Sara Ramirez - PhD Student, Vanderbilt Interdisciplinary Graduate Program

2018 Winter Rotation Student

Chemical biology of the nuclear lipid signaling kinase IPMK.                                                                                      

Hometown -  Fort Collins, CO

B.S.               Biochem, Cell & Mol Biology       University of Tennessee (Knoxville, TN)

                                 Minor Chemistry               University of Tennessee (Knoxville, TN)          

Ph.D.             IGP Program                                Vanderbilt University School of Medicine

The Blind lab has discovered new, unique enzyme activities for the classic lipid signaling enzymes IPMK and PTEN on PIP2 and PIP3, when these signaling lipids are bound to the only known nuclear PIP receptor called SF-1 (NR5A1). I wish to determine if these new enzyme activities of IPMK and PTEN are relevant in different models of cancer, and determine if IPMK is a viable target for structure-based drug design efforts. Preliminary data from our lab have linked IPMK to cancer cell proliferation and anchorage-independent growth. However, these genetic IPMK ablation experiments are complicated by the enzyme-independent functions of IPMK, making interpretation of genetic experiments very difficult. Chemically inhibiting IPMK would solve that problem, however no good small molecule inhibitors of IPMK currently exist.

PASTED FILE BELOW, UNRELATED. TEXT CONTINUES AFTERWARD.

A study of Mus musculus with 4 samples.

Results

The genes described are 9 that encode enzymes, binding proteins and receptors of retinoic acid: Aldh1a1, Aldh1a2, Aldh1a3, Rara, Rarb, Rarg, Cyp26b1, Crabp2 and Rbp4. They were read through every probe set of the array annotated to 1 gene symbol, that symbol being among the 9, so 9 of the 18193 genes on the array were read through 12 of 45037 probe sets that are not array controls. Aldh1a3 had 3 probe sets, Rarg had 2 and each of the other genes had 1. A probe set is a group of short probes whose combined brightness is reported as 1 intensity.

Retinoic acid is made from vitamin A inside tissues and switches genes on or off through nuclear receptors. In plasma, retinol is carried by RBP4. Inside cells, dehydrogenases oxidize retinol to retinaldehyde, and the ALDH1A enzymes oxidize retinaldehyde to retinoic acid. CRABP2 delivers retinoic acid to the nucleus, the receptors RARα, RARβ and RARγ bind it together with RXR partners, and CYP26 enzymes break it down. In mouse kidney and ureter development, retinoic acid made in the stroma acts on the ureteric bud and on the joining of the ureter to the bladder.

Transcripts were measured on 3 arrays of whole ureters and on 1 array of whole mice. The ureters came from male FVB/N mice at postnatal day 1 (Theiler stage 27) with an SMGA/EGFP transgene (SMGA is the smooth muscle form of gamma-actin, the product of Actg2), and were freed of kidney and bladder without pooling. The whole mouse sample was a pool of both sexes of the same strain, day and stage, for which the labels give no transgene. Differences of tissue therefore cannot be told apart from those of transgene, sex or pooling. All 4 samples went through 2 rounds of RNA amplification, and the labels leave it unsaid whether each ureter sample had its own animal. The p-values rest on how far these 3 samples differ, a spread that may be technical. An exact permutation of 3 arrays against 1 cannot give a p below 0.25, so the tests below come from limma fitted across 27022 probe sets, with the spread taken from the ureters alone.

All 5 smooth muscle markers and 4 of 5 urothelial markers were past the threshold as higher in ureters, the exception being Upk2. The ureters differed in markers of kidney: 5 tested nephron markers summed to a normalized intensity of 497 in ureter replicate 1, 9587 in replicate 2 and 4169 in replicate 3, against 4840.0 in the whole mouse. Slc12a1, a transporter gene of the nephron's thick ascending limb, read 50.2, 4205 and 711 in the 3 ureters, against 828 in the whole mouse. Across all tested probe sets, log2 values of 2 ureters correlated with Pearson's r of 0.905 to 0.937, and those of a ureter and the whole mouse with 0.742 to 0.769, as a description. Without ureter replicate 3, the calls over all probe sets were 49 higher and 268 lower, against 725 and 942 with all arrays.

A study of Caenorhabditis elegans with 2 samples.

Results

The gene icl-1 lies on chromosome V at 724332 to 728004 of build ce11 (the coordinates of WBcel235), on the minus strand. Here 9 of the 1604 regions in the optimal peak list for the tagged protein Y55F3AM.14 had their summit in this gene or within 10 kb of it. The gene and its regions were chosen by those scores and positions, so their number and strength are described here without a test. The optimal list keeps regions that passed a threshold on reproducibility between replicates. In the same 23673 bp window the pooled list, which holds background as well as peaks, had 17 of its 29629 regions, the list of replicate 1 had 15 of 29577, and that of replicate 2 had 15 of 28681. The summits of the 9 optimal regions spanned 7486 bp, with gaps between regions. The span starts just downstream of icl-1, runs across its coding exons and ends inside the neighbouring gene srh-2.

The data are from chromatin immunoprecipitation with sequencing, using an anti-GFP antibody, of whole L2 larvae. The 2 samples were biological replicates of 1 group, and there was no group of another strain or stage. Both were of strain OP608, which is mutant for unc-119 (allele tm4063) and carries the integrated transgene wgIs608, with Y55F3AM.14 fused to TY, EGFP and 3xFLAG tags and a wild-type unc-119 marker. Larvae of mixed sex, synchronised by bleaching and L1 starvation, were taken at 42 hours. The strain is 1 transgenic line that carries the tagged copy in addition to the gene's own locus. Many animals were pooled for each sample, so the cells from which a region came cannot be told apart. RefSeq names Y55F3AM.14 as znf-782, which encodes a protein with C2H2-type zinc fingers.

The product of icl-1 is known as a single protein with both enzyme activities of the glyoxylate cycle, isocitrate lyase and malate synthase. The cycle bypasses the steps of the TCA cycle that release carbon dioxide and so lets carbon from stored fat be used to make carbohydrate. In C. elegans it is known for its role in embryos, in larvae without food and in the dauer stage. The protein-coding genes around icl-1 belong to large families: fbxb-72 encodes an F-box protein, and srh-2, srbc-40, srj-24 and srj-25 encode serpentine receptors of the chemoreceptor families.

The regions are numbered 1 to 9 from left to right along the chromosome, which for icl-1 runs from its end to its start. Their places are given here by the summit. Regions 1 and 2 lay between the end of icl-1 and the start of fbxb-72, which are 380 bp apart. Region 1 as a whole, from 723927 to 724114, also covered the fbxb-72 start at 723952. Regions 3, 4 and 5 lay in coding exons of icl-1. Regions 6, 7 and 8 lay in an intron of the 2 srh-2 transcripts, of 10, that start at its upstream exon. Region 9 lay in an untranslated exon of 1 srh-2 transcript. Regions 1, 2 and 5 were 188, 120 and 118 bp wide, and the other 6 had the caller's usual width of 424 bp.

The current IPMK small molecule inhibitors are poor compounds that have very broad off-target effects. To solve these problems, we are attempting to use chemical genetics to generate an ATP-analog sensitive IPMK, creating a “hole” in the active site that makes IPMK uniquely sensitive to “bumped” inhibitors. I am first bacterially expressing the chemical-genetic IPMK mutant and characterizing the enzyme activity. We will then use CRISPR/Cas9 to ablate IPMK in cancer cells, and then compare IPMK kinase-inhibited to IPMK null and IPMK kinase-dead mutants in proliferation assays. Pilot data from other members of our lab demonstrate we have used CRISPR to ablate all IPMK alleles from cancer cells, and can retrovirally complement back wild-type or kinase-dead IPMK. The larger project seeded here will use these cells in xenograft models and develop a chemical-genetic IPMK mouse, providing the proof-of-principle needed for big pharma to focus their resources into IPMK inhibitor development programs.